No matter which direction you drive into Hawthorne, Nev., you will be fascinated with the miles of countless bunkers surrounding the small desert town. But if you nose around you will soon learn that those bunkers — 3,000 all together, spread over 237 square miles — house the world’s largest supply of munitions. One third of the weapons used in the conflicts in Iraq and Afghanistan were once stored in Hawthorne.
The Hawthorne Ordnance Museum, right on the main drag of town, tells everything you ever need to know about munitions — bombs, rockets, depth charges, mines, torpedos and whatever else the American military has developed in the last 75 years or so to kill an enemy. All the weapons were either manufactured, stored or tested in Hawthorne. The display is mind-boggling.
My tour guide was Herman Millsap, who retired from the Hawthorne Army Ammunition Depot after 42 years. The military facility was established in Hawthorne in 1930 after a disastrous explosion destroyed a similar Navy facility in New Jersey that leveled a town and killed more than 50 people.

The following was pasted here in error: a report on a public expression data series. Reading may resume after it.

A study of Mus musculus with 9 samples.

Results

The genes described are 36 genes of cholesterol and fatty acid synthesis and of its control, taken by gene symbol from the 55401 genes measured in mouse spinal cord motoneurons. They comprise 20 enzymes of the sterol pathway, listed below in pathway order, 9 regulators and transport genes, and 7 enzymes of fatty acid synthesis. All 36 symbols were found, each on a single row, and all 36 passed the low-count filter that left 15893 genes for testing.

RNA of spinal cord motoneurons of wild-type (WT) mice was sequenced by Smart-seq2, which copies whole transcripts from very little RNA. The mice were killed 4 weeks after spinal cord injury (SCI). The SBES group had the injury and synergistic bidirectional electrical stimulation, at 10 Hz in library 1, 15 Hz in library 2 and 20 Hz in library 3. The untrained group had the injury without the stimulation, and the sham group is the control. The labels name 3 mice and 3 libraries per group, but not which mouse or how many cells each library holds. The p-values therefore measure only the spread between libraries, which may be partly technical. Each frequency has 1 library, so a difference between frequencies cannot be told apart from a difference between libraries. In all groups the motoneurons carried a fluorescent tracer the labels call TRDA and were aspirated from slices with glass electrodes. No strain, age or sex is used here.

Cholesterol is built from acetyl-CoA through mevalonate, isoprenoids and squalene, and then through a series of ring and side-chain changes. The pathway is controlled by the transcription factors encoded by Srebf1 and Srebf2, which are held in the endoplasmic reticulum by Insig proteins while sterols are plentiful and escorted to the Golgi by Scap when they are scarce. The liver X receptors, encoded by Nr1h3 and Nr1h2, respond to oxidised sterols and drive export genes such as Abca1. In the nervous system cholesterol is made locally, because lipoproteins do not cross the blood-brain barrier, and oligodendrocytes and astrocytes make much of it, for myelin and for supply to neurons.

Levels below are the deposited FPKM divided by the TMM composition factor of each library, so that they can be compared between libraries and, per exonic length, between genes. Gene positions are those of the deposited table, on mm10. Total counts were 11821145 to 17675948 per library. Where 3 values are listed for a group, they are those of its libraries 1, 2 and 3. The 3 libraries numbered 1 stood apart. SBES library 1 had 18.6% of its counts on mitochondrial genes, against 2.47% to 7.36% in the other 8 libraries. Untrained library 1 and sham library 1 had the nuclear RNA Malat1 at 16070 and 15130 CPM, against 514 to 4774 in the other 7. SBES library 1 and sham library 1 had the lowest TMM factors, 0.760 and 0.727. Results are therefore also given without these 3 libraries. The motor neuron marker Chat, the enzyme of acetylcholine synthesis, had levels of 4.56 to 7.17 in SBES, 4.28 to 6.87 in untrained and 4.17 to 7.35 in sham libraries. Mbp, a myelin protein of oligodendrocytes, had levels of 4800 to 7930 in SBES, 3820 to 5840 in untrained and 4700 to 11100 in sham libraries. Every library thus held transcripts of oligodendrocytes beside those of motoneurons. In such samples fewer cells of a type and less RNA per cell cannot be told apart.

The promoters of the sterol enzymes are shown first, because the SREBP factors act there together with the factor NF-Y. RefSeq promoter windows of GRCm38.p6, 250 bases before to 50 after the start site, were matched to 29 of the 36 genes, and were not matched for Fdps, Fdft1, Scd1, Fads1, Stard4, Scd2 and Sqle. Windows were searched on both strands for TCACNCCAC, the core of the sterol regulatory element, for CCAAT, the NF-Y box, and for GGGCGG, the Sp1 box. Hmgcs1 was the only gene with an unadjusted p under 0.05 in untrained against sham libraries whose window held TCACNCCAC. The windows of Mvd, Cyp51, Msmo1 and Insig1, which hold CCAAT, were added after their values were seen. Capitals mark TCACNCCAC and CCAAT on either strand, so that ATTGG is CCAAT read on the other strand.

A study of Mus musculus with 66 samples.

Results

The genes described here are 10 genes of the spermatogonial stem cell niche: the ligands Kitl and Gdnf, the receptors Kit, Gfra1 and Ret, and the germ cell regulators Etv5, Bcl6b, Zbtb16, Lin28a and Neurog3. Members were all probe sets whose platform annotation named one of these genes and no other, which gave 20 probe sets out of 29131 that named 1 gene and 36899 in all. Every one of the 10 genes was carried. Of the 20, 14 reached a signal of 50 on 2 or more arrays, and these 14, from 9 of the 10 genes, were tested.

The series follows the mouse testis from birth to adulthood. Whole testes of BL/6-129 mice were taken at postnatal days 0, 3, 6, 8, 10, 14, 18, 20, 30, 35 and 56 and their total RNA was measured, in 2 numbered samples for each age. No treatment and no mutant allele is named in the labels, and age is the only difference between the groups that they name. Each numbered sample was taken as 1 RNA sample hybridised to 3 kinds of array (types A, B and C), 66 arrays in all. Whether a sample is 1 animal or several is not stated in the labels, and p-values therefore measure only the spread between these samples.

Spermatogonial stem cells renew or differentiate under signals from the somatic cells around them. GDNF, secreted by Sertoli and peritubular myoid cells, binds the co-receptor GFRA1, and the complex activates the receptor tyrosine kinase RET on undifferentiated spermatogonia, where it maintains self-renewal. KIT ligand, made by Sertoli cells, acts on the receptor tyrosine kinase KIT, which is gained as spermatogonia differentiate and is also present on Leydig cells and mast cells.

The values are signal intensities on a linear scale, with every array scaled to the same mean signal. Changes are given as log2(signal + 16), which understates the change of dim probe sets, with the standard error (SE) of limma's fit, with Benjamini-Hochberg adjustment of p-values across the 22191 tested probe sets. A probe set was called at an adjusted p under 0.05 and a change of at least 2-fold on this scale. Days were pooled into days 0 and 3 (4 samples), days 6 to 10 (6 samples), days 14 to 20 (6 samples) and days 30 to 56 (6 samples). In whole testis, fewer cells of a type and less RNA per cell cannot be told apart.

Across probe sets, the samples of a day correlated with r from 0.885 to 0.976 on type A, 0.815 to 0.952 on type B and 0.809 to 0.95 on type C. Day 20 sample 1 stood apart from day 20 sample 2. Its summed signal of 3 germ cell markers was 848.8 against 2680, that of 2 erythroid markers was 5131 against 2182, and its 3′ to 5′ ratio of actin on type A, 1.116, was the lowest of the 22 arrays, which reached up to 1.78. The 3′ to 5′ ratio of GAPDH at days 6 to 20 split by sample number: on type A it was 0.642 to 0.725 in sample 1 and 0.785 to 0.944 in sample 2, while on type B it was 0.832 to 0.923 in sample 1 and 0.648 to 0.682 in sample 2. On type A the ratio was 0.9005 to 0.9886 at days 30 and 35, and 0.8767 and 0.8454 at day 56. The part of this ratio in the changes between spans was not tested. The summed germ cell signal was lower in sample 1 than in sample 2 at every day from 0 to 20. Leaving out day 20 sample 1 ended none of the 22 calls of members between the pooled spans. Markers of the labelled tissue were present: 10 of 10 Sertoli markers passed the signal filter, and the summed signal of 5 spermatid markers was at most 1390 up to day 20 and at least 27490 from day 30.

His “five minute” tour lasted about a half-hour and was fascinating. What I came away with was the thought of how incredibly brilliant and innovative we Americans are at building weapons, but saddened that we need to create such evil things in the first place. Just thinking about the destruction many of the weapons can bring to a human body is like pondering a nightmare.
“The way it works is develop and counter,” said Millsap. “One side develops a weapon, then the other side devises a way to counter its effectiveness and the process goes on and on.”
One story that Millsap told was of a World War II magnetic device that was launched over the side of a destroyer with the intent of landing on a German submarine and then attaching to its side. Once there, the “Anti Submarine Knocker” would bang away, exposing the location of the sub for the destroyer’s depth charges. Watch the one minute video below to see Millsap explain the device.
Stop by the museum if you are traveling U.S. 95 through Nevada. You can’t miss it. It’s open 10 to 3, Monday through Saturday. Admission is free. For more information, call (775) 945-5400.
Photos: Top: Inside the museum. Middle: Outside the museum. Bottom: Control panel that controlled remote control helicopter than could be used to drop torpedoes or for reconnaissance.